The fella: What is it?
The fella: What is it?
Me: Quinoa. It's an ancient grain. All the people who eat things we've never heard of eat it. You know. Hipsters. 'Sposed to be better for you than rice or potatoes.
The fella: But what is it?
Me: Don't worry about it. It's round rice. Just eat it.
The fella: Round rice? That's fun.
½ hour later ...
The fella: That was gross.
The fella: What was that again?
That's the approximate conversation from a few years ago when I made Quinoa for the first time. It was also the last time I made it until last year when we underwent the dreaded, asshead, whole foods, takes 17 hours and knocking a cow on the head to make dinner, "meal plan". Not a diet. It was a "meal plan".
The meal plan included a recipe for Stuffed Peppers made with Quinoa instead of rice. I gave them a shot, they were gross and I put the Quinoa back in the cupboard just behind the 7 year old "Family Pack" of Lipton Cup-a-Soup but slightly in front of the cardboard box of "potatoes".
Then last summer we went for dinner at a local restaurant which served Quinoa salad. Out of the blue that's what the fella ordered for an appetizer. He must have been having one of his adventurous days. Or he thought Quinoa was French for chocolate cake covered with chocolate sprinkles, filled with chocolate pudding on a bed of Chunky Monkey ice cream. He loved it (the Quinoa salad). He loved it a lot.
He loved it so much it led to an assault. More on that later.
Seems all those years ago I was making quinoa. I was making it gross.
Quinoa's kindda like rice. Or tofu. You need to add stuff to it to make it more than just a lump of something on your plate.
As we were leaving the restaurant the fella saw a man with food stains all over his clothes walking in. Now, I would have assumed this guy was just a messy eater. The fella assumed he was a "cook", and grabbed the fella by the lapels and said "HEY! Are you the one griddling up stuff?" Or something like that.
Quite possibly on the verge of making another stain on his clothes, Jeff Crump, owner of several high end restaurants around town said ... Yup. I'm the owner and chef.
The fella: WHAT'S IN THAT QUINOA SALAD??!!!
Jeff: Um ... er ... um ... well there's quinoa and some lemon and some oil and um ...
While the shake down was going on, I had my iPhone out recording all of the ingredients.
A few days later I scratched out some semblance of the recipe and we've been eating it ever since. It's not as good as the one in the Bread Bar restaurant but it's good enough for you people.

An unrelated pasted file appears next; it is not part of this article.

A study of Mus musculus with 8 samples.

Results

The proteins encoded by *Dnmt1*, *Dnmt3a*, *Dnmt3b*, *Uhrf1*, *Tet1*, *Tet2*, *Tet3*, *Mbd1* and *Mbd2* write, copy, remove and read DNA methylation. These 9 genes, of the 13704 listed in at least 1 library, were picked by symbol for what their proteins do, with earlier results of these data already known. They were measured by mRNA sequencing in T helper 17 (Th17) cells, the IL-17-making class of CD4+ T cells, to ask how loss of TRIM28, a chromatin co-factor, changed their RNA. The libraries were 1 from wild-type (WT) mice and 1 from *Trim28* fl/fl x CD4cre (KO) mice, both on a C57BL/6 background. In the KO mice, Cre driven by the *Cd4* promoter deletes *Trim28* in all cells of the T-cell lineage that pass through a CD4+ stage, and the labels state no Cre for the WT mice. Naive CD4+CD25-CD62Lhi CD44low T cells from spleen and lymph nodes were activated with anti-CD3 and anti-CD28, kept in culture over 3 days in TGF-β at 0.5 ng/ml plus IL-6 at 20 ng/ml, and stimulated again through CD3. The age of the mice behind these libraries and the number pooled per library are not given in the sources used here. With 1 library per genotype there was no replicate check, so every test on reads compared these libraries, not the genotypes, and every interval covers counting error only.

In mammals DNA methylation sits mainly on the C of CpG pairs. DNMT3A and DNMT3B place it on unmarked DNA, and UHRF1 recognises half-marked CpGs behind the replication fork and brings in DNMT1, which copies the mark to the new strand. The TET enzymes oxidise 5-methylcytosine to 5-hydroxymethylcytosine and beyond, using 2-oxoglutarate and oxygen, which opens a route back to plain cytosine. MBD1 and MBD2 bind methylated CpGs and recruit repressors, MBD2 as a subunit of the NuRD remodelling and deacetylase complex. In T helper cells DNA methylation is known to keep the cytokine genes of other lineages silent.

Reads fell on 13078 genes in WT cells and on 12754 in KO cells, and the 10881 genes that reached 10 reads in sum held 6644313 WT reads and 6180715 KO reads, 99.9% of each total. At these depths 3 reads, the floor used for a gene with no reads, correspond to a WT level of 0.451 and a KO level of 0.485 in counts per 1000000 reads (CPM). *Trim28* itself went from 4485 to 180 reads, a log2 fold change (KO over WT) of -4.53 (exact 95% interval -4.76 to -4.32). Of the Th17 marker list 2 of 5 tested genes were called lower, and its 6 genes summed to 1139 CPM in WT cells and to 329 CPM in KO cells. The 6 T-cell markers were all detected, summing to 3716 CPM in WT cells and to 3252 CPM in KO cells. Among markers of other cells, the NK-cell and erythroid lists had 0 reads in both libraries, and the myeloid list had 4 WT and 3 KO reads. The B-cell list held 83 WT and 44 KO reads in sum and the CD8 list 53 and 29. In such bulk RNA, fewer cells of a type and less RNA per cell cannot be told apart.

So ... do you have yourself a bag of Quinoa with no idea what to do with it?
Do this ...
Gather your Ingredients ...
1 cup Quinoa
1 Tbsp. White Wine Vinegar
3 Tbsps Olive Oil
2 Green (spring) Onions (sliced thin)
1 Cup drained and rinsed black beans (scant)
1 Cup drained and rinsed chick peas (scant)
1 - 2 jalapeno peppers (diced super-fine)
Lemon (for juice)
Cook the quinoa. For this recipe I just use the immersion method. Dump your cup of Quinoa into slightly salted boiling water (uncovered). The amount of water doesn't matter. 4 cups or so. Simmer for 13-14 minutes. Drain.
Add quinoa to a big bowl, mix in vinegar, olive oil, green onions, black beans, chick peas, jalapeno peppers and a big squeeze of lemon juice. Crack in some pepper, add a sprinkle of salt (not too much) and top with feta cheese. Taste and adjust salt if needed. (remember the feta cheese is really salty, so you may not need to add salt at all)
The first day this salad tastes O.K. The second day, it tastes like something that would prompt you to grab someone by the lapels and scream "WHAT'S IN THAT QUINOA SALAD?!?"
Jeff Crump by the way, is the chef who graciously let me use his pizza dough recipe on this site. The one from his fantastic Earth To Table cookbook. Jeff Crump has no idea my fella was the one that accosted him for his organic, Quinoa and fresh feta salad recipe, and I plan to keep it that way.
Quinoa? What's that.
Amendment: Many people are commenting that Quinoa needs to be rinsed. While that used to be true, it no longer is. Most commercially processed Quinoa now comes with the bitter, outer shell already removed. Unless you're buying your Quinoa from a local farmer or sometimes in bulk, you do not need to rinse and soak your Quinoa.